My Lords, we know that nutritious food has positive effects on behaviour and attainment. The evidence indicates that many academies have responded positively to the standards, and some are going beyond them. The quality of food offered in all schools, including academies, has improved, but further improvement is needed. The latest findings from the School Food Trust show no significant difference between the lunch provided by maintained schools and by academies.
I thank the Minister for that reply. However, at a time of rising childhood obesity, with more than one-third of 11-year-olds now being classified as overweight or obese, with all the associated health problems, is he not shocked by the School Food Trust’s research, which shows that while healthy eating is increasing in maintained schools, nine out of 10 academies are ignoring the nutritional standards introduced by the previous Government and selling crisps, chocolate and cereal bars? Does this not undermine the Government’s faith that academies can be trusted to do the right thing on nutrition? How much worse must the situation get before the Government act? Is not the simplest answer to enforce the nutritional standards in all schools regardless of their status?
My Lords, having looked at all the research and the most recent qualitative survey carried out by the School Food Trust into what is going on in academies, I find it difficult to draw the very clear conclusion that the noble Baroness has come to. The survey concluded that there are maintained schools that are not doing as well as they ought to, there are academies exceeding the standards and there are also academies not doing as well as any of us would like them to do. I agree with her entirely about the importance of decent food in terms of obesity and of concentration in school. The question in my mind is whether the regulatory approach is the necessary way forward. I agree with her that the Government need to reflect on whether there is more that they can do to raise the quality of school food. My right honourable friend the Secretary of State has indicated that that is what he will do.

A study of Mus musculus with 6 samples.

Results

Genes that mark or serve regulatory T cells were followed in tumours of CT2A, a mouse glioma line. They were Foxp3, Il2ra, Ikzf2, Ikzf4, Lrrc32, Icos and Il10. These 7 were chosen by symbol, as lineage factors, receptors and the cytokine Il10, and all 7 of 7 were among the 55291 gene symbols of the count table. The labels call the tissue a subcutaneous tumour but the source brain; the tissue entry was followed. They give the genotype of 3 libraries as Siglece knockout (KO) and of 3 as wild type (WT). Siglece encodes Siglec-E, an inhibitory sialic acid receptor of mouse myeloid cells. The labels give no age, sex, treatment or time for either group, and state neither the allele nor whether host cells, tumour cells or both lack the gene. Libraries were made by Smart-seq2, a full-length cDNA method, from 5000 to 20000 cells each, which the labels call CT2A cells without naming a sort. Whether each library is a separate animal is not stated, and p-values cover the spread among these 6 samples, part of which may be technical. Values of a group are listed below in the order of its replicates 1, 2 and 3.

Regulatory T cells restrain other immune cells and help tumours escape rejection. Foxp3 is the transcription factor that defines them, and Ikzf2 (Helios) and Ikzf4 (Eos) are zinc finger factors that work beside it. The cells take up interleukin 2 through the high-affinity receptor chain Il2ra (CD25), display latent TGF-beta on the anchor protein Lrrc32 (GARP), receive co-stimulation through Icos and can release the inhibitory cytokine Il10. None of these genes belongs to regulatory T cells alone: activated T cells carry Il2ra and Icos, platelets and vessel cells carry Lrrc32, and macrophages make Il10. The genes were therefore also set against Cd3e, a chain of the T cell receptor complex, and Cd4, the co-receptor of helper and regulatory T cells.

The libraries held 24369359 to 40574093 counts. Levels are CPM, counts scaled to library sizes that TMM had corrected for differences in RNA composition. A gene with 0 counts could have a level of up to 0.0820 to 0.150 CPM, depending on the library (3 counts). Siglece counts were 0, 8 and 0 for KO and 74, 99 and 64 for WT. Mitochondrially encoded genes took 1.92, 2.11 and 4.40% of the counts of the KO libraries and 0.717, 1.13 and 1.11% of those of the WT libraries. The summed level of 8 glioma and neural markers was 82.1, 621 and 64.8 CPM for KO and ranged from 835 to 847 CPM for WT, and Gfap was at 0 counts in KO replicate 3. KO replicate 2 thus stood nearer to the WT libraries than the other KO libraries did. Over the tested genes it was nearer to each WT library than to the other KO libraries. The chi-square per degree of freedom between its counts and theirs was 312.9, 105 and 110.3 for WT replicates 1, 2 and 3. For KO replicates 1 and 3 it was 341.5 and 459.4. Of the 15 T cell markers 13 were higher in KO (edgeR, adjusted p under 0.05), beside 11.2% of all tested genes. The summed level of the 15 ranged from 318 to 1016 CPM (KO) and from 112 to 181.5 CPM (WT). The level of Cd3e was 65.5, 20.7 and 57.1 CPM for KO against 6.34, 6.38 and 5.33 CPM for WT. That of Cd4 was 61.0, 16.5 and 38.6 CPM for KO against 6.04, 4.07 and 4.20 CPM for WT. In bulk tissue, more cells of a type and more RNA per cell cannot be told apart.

My Lords, when I walk to the department in the morning I pass a number of schools and, sadly, I see children drinking Red Bull and eating crisps for breakfast. I would call that junk food because it is not very healthy or good. There are things we need to do to improve the quality of food. There are many schools doing that, including academies, and that is something that we should encourage.
I am not sure that I agree with the noble Lord’s premise that eating junk food is necessarily an indicator of poverty. It is an indicator of people not being properly educated in the importance of good food and that is something that we need to look at. It can also be an indicator of a number of other things. I know from visiting academies which are dealing with some of the poorest children that they are inculcating extremely good habits of eating with pupils all sitting down together, learning and, I hope, building habits for a lifetime. The broader issue of child poverty is clearly important and the Government are working to make further progress on that.
My Lords, yesterday I visited one of our schools, which is hoping to become an academy. It has reinstated its kitchen, providing excellent food not only for the school but for those in the locality. I was also involved in a discussion yesterday about the increasing number of young people whose family food is being taken from food banks around our country today. Does the Minister agree that the priority is to ensure that all school food provides adequate nutritional standards in the light of the fact that too many of our most vulnerable people are experiencing a need to get food from food banks in the 21st century?
There were two strands to the right reverend Prelate’s remarks. One was to make the point that in a school which he knows which is hoping to become an academy good work is being done to make sure that the quality of food is good, and I welcome that. On his broader point, standards clearly can play a part in helping to address the concerns that he raises. One of the things that we have discovered is that although standards are in place and the nutritional quality of food has improved, the take-up of that food by children has not increased at the same rate. So better food is available but the children are not always exercising their choice to eat it. One of the challenges for us is to make sure that children understand that eating healthy food is good for them.
My Lords, with almost 18% of children between two and 15 growing clinically obese in the past decade, can the Minister tell the House what discussions have taken place or are planned to take place with colleagues in the Department of Health to discuss this new evidence from the Government’s own advisers on school food and children’s meals about the potential risks to the life expectancy of children and the increasing costs to the NHS, particularly in the light of the Secretary of State’s own view that the majority of secondary schools will become academies by the end of this Parliament?
My Lords, I declare an interest as the vice-chairman of the Institute for Food, Brain and Behaviour which is currently conducting work in a school in Dagenham replicating work that in young offender institutions reduced the offending rate by 40%. Will the Minister agree to invite the scientists from the Oxford Department of Physiology, Anatomy and Genetics who are conducting this work to talk to his officials about what lessons are learnt from this very important trial which has implications for behaviour as well as for nutrition?